I read Blue Nights by Joan Didion over the last two days. A deceptively slim book, it is rich and heavy. Last summer I read her The Year of Magical Thinking when I was devouring grief narratives. I had bought Blue Nights at the same time, but The Year of Magical Thinking was so devastating, I didn't think I could handle this one as well so soon.
The Year of Magical Thinking is considered a memoir about the death of Didion's husband, while Blue Nights is considered a memoir about the death of her daughter, but I don't think this is true. Yes, Quintana's death is an important part of the narrative, but Blue Nights is a meditation on mortality and Quintana's is used as a lens through which Didion views her own.
Didion's realization that her own death is coming, that her body is failing her, that she is becoming frail is beautifully revealed. A slow dawning, and perhaps an acceptance, to a degree, in light of her daughter's death.
There is much circling in the prose, returning to phrases and images, that makes Blue Nights feel almost like a long poem. I felt very much like I was privy to Didion's thought process, they way her mind now works, something that she's figuring out now.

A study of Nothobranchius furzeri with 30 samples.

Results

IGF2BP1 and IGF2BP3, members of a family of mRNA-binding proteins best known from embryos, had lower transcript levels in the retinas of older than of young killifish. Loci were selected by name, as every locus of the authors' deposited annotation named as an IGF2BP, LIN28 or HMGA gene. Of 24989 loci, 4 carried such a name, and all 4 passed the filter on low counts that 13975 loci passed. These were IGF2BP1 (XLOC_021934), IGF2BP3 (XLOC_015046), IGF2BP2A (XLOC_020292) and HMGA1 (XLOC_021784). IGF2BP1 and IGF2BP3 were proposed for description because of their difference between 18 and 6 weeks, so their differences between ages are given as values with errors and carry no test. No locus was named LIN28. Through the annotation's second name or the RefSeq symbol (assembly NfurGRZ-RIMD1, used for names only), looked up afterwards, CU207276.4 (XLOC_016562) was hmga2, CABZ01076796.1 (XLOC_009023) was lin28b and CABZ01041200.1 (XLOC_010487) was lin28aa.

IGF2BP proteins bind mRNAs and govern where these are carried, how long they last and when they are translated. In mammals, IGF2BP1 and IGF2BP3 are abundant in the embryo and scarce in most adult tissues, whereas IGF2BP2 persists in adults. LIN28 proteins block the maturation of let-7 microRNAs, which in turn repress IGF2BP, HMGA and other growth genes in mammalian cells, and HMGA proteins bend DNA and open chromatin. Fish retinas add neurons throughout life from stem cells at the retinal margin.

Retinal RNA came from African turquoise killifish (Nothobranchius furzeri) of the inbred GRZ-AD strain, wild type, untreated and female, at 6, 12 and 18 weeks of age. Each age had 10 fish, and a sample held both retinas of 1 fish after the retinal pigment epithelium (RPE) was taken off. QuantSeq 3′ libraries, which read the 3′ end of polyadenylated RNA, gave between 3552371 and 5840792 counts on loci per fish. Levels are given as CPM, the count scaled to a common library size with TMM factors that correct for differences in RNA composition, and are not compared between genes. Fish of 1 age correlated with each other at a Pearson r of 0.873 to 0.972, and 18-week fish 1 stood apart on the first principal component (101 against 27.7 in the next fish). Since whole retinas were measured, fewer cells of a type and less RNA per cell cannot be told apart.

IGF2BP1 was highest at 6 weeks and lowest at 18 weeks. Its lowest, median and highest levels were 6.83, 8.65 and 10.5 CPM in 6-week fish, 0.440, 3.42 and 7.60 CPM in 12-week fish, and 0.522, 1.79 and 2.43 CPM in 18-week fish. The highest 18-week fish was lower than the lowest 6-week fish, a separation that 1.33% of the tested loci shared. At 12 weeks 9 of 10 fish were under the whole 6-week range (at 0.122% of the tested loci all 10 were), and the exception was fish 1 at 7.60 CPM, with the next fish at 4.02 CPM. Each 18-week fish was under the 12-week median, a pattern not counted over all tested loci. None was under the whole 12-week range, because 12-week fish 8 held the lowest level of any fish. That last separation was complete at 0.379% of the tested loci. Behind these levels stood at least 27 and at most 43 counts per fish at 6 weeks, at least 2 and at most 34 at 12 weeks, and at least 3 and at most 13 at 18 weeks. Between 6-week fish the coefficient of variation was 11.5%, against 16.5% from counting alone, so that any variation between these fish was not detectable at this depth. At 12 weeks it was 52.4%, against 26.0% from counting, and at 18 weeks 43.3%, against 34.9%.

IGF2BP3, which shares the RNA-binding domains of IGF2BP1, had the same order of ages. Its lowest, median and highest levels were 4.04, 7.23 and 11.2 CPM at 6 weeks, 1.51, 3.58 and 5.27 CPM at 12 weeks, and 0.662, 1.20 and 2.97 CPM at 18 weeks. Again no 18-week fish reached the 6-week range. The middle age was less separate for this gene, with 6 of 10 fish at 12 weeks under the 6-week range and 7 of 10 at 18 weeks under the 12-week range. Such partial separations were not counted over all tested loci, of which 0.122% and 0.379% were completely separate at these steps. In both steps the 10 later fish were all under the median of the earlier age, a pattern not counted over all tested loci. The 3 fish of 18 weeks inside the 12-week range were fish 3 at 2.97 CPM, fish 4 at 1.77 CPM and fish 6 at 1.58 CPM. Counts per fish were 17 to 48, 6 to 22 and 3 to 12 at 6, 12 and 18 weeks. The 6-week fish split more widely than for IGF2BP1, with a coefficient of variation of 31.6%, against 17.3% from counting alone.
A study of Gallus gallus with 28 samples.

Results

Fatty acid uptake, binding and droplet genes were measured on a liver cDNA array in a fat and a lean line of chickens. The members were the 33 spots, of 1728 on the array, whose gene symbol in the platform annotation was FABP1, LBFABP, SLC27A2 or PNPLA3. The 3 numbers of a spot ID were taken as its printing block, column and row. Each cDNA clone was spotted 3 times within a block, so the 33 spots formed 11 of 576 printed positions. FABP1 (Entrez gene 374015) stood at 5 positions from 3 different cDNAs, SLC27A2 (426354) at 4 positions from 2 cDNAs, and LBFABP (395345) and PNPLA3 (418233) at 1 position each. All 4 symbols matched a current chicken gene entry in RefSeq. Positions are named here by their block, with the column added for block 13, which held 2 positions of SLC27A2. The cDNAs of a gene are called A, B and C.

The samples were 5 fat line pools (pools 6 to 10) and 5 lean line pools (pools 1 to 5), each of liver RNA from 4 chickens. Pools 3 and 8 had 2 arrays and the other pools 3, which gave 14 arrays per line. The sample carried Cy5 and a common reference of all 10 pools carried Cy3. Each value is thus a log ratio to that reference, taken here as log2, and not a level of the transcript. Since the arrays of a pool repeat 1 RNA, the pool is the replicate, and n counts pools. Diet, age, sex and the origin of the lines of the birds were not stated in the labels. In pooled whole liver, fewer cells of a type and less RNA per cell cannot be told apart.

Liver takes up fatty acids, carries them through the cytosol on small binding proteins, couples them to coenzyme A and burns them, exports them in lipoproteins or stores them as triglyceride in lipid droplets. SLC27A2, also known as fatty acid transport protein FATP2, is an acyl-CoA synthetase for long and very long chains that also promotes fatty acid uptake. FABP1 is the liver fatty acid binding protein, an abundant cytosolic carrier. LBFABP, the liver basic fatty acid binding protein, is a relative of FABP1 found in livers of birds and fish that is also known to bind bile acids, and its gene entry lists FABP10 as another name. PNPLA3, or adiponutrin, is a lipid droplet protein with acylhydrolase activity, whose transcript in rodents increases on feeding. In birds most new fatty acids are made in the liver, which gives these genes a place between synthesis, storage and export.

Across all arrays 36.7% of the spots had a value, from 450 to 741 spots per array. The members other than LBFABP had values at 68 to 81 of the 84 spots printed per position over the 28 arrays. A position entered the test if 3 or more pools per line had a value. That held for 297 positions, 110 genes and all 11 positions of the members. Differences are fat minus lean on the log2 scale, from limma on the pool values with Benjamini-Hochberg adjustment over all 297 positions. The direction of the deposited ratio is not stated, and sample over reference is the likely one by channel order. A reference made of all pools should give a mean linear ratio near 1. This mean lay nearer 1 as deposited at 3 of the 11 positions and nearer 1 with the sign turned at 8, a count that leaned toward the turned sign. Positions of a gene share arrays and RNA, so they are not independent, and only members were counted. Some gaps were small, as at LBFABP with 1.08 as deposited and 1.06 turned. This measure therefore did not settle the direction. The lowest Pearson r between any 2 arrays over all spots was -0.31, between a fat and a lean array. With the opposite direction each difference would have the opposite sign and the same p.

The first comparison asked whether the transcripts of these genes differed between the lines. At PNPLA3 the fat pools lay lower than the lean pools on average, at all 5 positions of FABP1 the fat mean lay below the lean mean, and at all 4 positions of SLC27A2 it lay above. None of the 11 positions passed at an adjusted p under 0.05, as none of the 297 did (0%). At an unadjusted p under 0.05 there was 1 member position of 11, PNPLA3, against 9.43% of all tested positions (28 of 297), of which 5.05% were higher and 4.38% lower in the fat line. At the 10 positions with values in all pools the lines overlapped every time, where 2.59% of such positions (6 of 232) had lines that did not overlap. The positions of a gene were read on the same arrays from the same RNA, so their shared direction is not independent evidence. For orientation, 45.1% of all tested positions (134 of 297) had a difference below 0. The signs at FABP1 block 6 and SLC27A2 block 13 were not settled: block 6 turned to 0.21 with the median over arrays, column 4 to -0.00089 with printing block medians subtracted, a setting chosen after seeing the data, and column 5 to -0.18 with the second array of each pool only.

The Year of Magical Thinking was so clearly about death and grief, while Blue Nights is more elusive. It's about mortality and mourning, which Didion clearly shows, is not the same ad death and grief--it's a fine line between them, but it is a line.
It's also about parenthood, while YOMT was about a marriage. The former messy and rich with loss, the later idealized. Perhaps it's not fair to compare the two books this way as they are much more different than they appear on the surface, but it also seems impossible not to. Blue Nights is an incredibly intimate book, but I didn't find it devastating. I had expected to, and am thankful that I didn't, but I'm also not sure why. Is it because Didion's revelations are my own? Or they are so removed from my own? I'm not sure, but I know I'll return to Blue Nights, probably sooner rather than later.